She’s making both a new life for herself and pieces out of clay.
Ceramicist Larissa Goodwin and her artist/web developer husband James Wylie spent a decade living in a small inner-city Auckland apartment, but a two-year stint in rural Japan made them realise the lifestyle they really wanted, so they moved south to James’s hometown, Matamata. They’re slowly settling in and cultivating a quieter life — although, ironically, Larissa says now she’s working for herself, she’s never been busier.
Larissa, was ceramics something you knew you wanted to pursue when studying visual arts at AUT and post-grad at Elam School of Fine Arts, or have you adopted the practice since? Ceramics was always on the periphery, but I was too intimidated by the process and equipment to fully commit to it. In 2019, I decided to take a night class, then Auckland potter Kirsten Dryburgh advertised for an intern, so I threw myself into both, learning as much as I could and committing to pottery as my career.
It’s happened very quickly for me, but I’ve fitted a lot into the past year. I previously put a lot of pressure on myself to find a career and perfect it; ceramics allows time to cultivate a practice — it’s a lifelong commitment.
What excites you about clay as a medium? Clay allows us to see the maker in the piece — the human touch is visible. It’s a versatile medium with so many possibilities, but to make something functional that someone will pick up and hold is very humbling.
Stoneware is my choice of clay for now. It’s strong and durable — I can push it to the limit more than temperamental clays like porcelain.
What production methods do you use? I predominantly use the wheel to make my functional pieces. It enables me to make things fairly quickly. I’m a bit impatient, so I like to see the outcome of an idea as soon as I can. I adorn a lot of my pieces with hand-built handles, which is when I slow down and finesse my work.
Often I’ll make a piece before drawing a sketch, working directly with the clay on the wheel. Then I’ll take measurements and notes so I can repeat the form again. I’m really enjoying repetition. I’ve created a body of work that’s complementary and I’m sure will evolve over time. I’m trying to give myself more time each week just to play and experiment with new ideas.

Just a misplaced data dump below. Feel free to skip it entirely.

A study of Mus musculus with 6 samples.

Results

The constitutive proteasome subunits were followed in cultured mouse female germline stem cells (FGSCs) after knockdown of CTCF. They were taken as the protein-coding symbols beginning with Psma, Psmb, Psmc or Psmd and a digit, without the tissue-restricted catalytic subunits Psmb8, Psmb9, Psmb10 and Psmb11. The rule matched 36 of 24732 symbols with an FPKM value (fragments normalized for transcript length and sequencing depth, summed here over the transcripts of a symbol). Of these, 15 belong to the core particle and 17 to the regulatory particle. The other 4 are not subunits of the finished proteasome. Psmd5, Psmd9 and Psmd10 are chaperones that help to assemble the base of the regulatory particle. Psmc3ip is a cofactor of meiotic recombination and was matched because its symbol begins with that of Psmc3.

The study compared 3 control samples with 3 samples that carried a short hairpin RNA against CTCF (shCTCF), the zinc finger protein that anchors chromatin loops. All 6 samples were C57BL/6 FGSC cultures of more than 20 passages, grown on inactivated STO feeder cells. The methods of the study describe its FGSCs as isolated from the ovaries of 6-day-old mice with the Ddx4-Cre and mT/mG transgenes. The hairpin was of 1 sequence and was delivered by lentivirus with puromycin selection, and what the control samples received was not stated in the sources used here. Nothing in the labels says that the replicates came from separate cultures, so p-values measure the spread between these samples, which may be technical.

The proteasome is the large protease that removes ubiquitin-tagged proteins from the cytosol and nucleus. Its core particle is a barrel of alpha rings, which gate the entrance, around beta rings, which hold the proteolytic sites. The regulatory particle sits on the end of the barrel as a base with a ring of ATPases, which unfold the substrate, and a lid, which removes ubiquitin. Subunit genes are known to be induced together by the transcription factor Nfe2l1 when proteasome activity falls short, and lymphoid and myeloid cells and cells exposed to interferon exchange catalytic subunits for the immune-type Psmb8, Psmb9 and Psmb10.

What are your most indispensable tools of the trade? You don’t necessarily need expensive tools to form a cup or bowl — just get stuck in and start making. Although, having said that, what really kicked off production for me was the investment in a wheel and kiln. I got most of my equipment secondhand and I have a lovely electrician who’s been helping me along the way.
How would you describe your aesthetic? I enjoy simple lines and forms — classic shapes that are timeless and adaptable. I’ve chosen a limited palette with other materials in mind, such as wood tones and soft furnishings. My pieces are functional items that fit into homes of different eras and styles.
My vases are my take on the classical amphora, but they have a playful naivety about them. I gave each one an Italian name as we’d just come back from a long-anticipated trip to Europe when I made them. They’re a lighthearted expression of the many beautiful shapes and forms we experienced while we were there.
A lot of the pottery I admire is different from my own, such as the delicate work of Britain’s Lucie Rie, or the rough, stone-like yunomi from Japan. It’s wonderful to engage with these histories and it naturally feeds into my process.
Do you have a routine that prepares you for your creative practice? James and I usually start the day walking our dog, Georgie, a sweet Staffy-cross who keeps me company in the studio. While we wander, we talk through our plans, which really helps me to prioritise all the tasks that need to be done, and talk through particular problems. It sets me on the right track.
When you’re not making, what do you like to do to unwind? A lot of our downtime is spent with friends visiting from the city; we cook, garden and chat. Having the space to accommodate guests is so important to James and I.
Matamata has plenty of small-town charm, bakeries, pubs — and five op shops! It has a pastoral beauty to it — there’s a reason it was chosen to be Hobbiton. There are some great walks in the area, too, to get you back into some native trees: the Blue Spring walk just outside of Putaruru is beautiful, and if you’d like something more challenging, Wairere Falls in the Kaimai Ranges is a great track. Matamata is super central as well; we’re not far from Mt Maunganui, so it’s nice to be able to pop over to the beach.